He had the world on a stringBy ROSS PORTER

Frank Sinatra was a great singer (duh), but he was also insecure about his looks, thuggish and a misogynist.

The Voice
By James Kaplan
Doubleday, 786 pages, $40

For biographers, Frank Sinatra's life has been a literary bonanza. He was, simply stated, a very complicated man. A musical tsunami who sang with such unprecedented beauty, taste and ease that he helped to create a genre called the Great American Songbook. In complete contrast to his musical beauty, Sinatra behaved like a thug, kept mobsters as friends and was a misogynist.

Quincy Jones' long and restless song

Quincy Jones' long and restless songthe writes,

It had been a long night — a concert, a reunion with an old friend, a midnight meal — but as the clock ticked past 2 a.m. Quincy Jones sat in a rare state of silence in his estate at the very top of Bel-Air. The man they call Q nodded at the cellphone sitting on the kitchen counter.

"I've deleted 188 names this year — all the people who died, all these friends of mine," Jones said. "That's what happens when you're 77, man. That's life, man. You start out playing in bands and doing duets and then you worry that in the end it's all going to be a solo."

Death of Jazz Club Underscores a Changing Scene

Death of Jazz Club Underscores a Changing writes,

As another holiday season under a stagnating economy draws to a close, it is hardly surprising that San Francisco would lose that rarely profitable of ventures, a jazz room.

But Coda, a bar, restaurant and club in the Mission District, did not seem like it was going under. In just a year and a half, it had established itself as one of the most interesting jazz-based schedules in the Bay Area. Acts like the Jazz Mafia tapped into a vibrant younger music scene, and salsa Sunday bookings and Latin jazz nights sold out. Stevie Wonder dropped by for a set; Liz Phair covered Velvet Underground songs.


ImageMorley Safer has traveled the world for 60 MINUTES for years, but never with so much great music as in this jazz journey he takes with Wynton Marsalis and his Jazz at Lincoln Center Orchestra. Safer and 60 MINUTES cameras follow Marsalis and company to London and Havana to capture what these musical ambassadors do best - bring jazz, America's most distinct art form, to people everywhere. Safer's story will be broadcast on 60 MINUTES, Sunday Jan. 2 (7:00-8:00 PM, ET/PT) on the CBS Television Network.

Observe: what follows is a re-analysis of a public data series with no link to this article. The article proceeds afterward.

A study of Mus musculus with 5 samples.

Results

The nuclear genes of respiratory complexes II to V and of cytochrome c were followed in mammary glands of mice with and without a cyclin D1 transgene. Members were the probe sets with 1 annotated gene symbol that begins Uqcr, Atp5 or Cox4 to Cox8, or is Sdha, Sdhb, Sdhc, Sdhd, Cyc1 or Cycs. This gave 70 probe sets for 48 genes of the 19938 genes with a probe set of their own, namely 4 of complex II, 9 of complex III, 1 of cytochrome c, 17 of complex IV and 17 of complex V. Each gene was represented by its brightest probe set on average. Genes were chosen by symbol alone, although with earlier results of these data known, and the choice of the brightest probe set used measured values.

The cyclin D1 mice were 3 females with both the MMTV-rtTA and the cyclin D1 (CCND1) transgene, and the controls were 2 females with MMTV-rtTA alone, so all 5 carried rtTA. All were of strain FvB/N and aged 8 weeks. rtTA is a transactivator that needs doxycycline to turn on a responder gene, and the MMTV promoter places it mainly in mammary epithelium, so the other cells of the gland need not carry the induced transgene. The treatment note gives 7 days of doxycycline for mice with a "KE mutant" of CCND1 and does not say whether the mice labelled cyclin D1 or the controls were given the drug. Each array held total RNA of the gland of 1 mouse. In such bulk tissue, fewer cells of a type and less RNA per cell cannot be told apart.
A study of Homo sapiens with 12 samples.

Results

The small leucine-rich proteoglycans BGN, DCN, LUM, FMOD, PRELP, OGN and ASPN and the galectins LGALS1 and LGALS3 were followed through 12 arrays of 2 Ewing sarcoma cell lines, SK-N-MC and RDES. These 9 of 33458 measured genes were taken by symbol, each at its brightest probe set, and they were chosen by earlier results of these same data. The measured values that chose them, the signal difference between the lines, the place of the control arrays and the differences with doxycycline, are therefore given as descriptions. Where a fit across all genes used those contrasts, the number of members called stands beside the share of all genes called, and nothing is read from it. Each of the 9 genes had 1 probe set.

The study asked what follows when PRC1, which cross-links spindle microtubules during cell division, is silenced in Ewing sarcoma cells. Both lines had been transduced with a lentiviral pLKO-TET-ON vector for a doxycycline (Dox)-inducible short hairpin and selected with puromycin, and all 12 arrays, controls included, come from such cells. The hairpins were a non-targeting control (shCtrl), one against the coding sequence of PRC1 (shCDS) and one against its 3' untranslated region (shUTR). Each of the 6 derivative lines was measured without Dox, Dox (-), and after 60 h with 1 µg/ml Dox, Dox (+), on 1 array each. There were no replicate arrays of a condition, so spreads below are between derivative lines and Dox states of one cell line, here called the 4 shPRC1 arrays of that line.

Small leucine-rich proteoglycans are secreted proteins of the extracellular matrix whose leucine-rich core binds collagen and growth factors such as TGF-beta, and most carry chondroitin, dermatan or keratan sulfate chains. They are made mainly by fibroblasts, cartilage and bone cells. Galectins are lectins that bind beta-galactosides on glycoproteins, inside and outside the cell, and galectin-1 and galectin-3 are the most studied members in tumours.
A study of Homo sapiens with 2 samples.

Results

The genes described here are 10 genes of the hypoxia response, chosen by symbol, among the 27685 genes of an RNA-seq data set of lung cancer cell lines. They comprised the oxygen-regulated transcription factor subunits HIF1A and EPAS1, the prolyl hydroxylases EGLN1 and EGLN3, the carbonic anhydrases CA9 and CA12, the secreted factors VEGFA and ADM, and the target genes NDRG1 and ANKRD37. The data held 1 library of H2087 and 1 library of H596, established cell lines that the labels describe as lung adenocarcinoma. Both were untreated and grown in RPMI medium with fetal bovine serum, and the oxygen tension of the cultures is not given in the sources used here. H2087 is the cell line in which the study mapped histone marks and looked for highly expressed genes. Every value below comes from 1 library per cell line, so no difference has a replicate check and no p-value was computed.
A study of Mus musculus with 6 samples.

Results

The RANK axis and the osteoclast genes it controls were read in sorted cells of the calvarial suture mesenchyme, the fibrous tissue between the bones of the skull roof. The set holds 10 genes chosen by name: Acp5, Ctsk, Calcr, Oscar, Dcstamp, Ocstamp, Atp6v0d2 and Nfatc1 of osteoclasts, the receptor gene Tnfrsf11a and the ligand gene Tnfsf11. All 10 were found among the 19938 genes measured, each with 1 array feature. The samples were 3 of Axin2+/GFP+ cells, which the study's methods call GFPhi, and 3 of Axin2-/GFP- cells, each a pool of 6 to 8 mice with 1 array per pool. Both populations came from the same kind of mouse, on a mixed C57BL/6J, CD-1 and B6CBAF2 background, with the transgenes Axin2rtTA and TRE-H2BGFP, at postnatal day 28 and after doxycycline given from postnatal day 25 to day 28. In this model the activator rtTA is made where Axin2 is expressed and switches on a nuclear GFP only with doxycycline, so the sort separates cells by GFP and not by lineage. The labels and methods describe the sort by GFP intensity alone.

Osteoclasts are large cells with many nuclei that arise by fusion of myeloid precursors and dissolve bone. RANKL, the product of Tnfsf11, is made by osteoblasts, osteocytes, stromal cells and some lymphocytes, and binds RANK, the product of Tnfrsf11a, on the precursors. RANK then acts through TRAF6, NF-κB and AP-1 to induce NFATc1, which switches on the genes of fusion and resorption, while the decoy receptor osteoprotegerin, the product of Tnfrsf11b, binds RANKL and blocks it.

Miles Davis 2011: A Look Ahead


Miles Davis Biopic: With a possible release date (according to IMDB) sitting comfortably on the 2013 calendar, it’s no surprise news is fleeting. It didn’t stop me from starting a blog about it in 2008! Boy was I early to the party.

Nevertheless, 2010 closed with an unexpected bang of news about the slow-moving biopic. The Hollywood Reporter’s Shirley Halperin caught up with Don Cheadle who said the script was complete and now they are on the hunt for investor money.

Most importantly, we now have some concrete hope that the project is moving ahead.

But 2011 is expected to be low-key, unless a studio jumps in to pay the tab and a start date is confirmed. Maybe an actor or two sign on, but I’m not hopeful for much action. A script leak would be welcome!

With Cheadle’s busy workload it’s tough to see where the biopic fits in – in the short-term. The Miles Davis Biopic isn’t even listed on his credits, which is strange.

We assume Cheadle is still going to direct the movie as well as play the lead role of the jazz legend. I’ve wondered if Cheadle should not direct and just focus on playing Miles Davis. But I’m on record in my confidence with Cheadle as star and director of the Miles Movie.